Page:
Adoption, Guardianship of a Minor, Child Name Change and Maine's Home Court Act: When, where and how to file the Jurisdictional Affidavit
What is the Maine Home Court Act? The Home Court Act is a Maine law passed in 2016. It is meant to prevent more than one case about the same child from happening in different courts. Courts use the Jurisdictional Affidavit to find out about all of the cases involving a child. They do this to make sure they are following the Act.
Federal and State Law Federal and state law allow money from military retirement pay to be withheld to meet most child support and spousal support (alimony) obligations.
Your rights as a parent do not stop when you are in the military and called to active duty. There are many things to consider and plan for, especially if you are separated from your child’s other parent. This is a summary of some of the relevant Maine laws that may help you understand your rights.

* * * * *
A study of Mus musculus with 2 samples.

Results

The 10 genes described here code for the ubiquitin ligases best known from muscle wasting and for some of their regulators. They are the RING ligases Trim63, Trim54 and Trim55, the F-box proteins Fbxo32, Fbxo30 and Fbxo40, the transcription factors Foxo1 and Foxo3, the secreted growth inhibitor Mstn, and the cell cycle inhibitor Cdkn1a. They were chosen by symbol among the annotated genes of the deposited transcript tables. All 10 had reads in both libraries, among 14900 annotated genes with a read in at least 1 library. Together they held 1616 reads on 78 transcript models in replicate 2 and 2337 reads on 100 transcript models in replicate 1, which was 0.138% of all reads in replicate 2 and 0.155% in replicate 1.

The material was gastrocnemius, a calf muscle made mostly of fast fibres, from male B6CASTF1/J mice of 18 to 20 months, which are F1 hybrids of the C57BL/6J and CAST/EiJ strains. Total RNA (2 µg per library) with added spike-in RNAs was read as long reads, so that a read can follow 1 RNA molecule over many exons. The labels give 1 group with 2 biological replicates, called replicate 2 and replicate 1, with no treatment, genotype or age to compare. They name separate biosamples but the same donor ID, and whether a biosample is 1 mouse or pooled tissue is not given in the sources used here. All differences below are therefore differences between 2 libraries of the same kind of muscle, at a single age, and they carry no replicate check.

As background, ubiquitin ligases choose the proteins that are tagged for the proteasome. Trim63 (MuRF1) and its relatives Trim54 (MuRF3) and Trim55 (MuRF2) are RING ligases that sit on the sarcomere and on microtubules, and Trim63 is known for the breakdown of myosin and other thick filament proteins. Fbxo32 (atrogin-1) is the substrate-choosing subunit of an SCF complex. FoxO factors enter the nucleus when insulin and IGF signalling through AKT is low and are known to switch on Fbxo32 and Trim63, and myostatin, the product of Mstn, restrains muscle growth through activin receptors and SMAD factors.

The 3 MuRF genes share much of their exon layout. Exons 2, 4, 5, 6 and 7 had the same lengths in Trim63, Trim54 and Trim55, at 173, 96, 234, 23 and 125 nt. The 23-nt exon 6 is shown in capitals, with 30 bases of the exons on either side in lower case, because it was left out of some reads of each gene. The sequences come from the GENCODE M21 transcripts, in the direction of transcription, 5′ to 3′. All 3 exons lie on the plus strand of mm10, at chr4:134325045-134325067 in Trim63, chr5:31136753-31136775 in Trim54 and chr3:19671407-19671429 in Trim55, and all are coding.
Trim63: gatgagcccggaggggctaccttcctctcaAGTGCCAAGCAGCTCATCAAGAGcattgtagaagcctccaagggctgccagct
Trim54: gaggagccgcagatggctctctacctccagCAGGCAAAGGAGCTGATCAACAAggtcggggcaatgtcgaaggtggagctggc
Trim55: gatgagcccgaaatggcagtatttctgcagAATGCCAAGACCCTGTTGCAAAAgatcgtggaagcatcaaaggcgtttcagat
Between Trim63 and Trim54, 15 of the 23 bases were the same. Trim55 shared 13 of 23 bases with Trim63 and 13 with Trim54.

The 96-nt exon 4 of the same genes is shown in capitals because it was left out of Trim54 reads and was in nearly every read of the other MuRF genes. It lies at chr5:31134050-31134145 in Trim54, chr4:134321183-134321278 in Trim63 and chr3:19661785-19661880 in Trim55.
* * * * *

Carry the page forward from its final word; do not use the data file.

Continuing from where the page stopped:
If you are starting a family law case (such as a divorce or setting parental rights and responsibilities), you must tell the other party that you are bringing a court action against them. You do this by "serving" the other party. This means that you give copies of your court papers to the other party. Court rules tell you how this must be done.
Last Updated 9/14/2020 Is PTLA open? Can I still get help? To protect our clients and staff, all PTLA offices are closed to the public. If you have a current case, please reach out to our staff by e-mail or phone.
A fill-able .pdf of Maine court form PB-03, the Jurisdictional Affidavit that must be filed in District court with any adoption, minor guardianship, or minor name change case.